While the festival is showing more public art this year, the overall effect is a little too understated.



Last month, Dutch artist Florentijn Hofman's 54-foot inflatable rubber ducky could be seen floating in Hong Kong's Victoria Harbor. Its presence delighted viewers and demonstrated how urban waterways offer dramatic views and public space.

This year's Three Rivers Arts Festival highlights Pittsburgh's waterfront with the re-opening of the Point State Park fountain. Sitting dramatically at the confluence of three rivers, it offers the perfect opportunity for eye-catching public art along the waterfront or in the rivers.

Alas, while the Pittsburgh Cultural Trust-run festival is showing more public art this year, the overall effect is a little too understated.

Based on advanced description, it sounded like Chang-Jin Lee's "Floating Echo" would be situated on the river, as it had been in New York City. There, this large transparent inflatable Buddha was animated by the weather, the natural landscape, the architecture of Manhattan in the distance and the rippling water. It functioned as both a meditation on spirituality and a commentary on kitsch.

In Pittsburgh, "Floating Echo" instead occupies a cramped space beneath the Point State Park Portal Bridge. Barely floating in shallow, still water, the piece loses much of its ethereal quality. Accentuated at night by a backdrop of changing colors, the Buddha tips decidedly away from the meditative and towards an oversized trinket.

The colored laser beams that descended dramatically from the top of PPG place to fall on the fountain, however, were more appropriate. Scheduled for the first three nights of the festival, "Pittsburgh: Spectral Ascending," was designed by Lightwave International with Yvette Mattern.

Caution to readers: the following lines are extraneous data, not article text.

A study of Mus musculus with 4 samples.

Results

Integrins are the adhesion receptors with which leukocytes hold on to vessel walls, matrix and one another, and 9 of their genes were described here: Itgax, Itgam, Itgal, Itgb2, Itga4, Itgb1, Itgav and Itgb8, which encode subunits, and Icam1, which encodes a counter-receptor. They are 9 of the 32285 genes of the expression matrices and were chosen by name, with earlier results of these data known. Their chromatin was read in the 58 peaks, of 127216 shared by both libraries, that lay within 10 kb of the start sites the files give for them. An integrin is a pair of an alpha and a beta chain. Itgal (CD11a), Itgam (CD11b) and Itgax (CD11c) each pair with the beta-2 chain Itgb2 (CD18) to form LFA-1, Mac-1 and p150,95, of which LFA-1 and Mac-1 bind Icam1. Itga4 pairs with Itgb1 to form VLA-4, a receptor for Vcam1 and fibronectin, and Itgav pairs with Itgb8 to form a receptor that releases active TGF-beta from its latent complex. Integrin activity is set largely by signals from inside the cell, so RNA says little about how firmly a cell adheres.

Currently, only two other public artworks occupy festival grounds. Hugh Hayden's "American Hero #4" sits on a lawn painted white at Gateway Center. It is a classic Ford Mustang, also painted white and decorated with two black racing stripes made of hair braided into cornrows. Hayden's use of hair as commentary on cultural identity builds on work by more established artists such as David Hammons. And Vanessa German's "Art House" is a hands-on space of creativity and imagination, located in the Creativity Zone.

Two more public works are scheduled for the festival's closing weekend (June 14-16). "Instabiles," by Andrew Hieronymi and Ian Brill, will be an interactive installation, and "The Drift" will be a collaborative performance space that actually floats on the river.

Looking ahead, in September, the Cultural Trust is bringing Hofman's ducky here, which portends positive developments in river-based public art.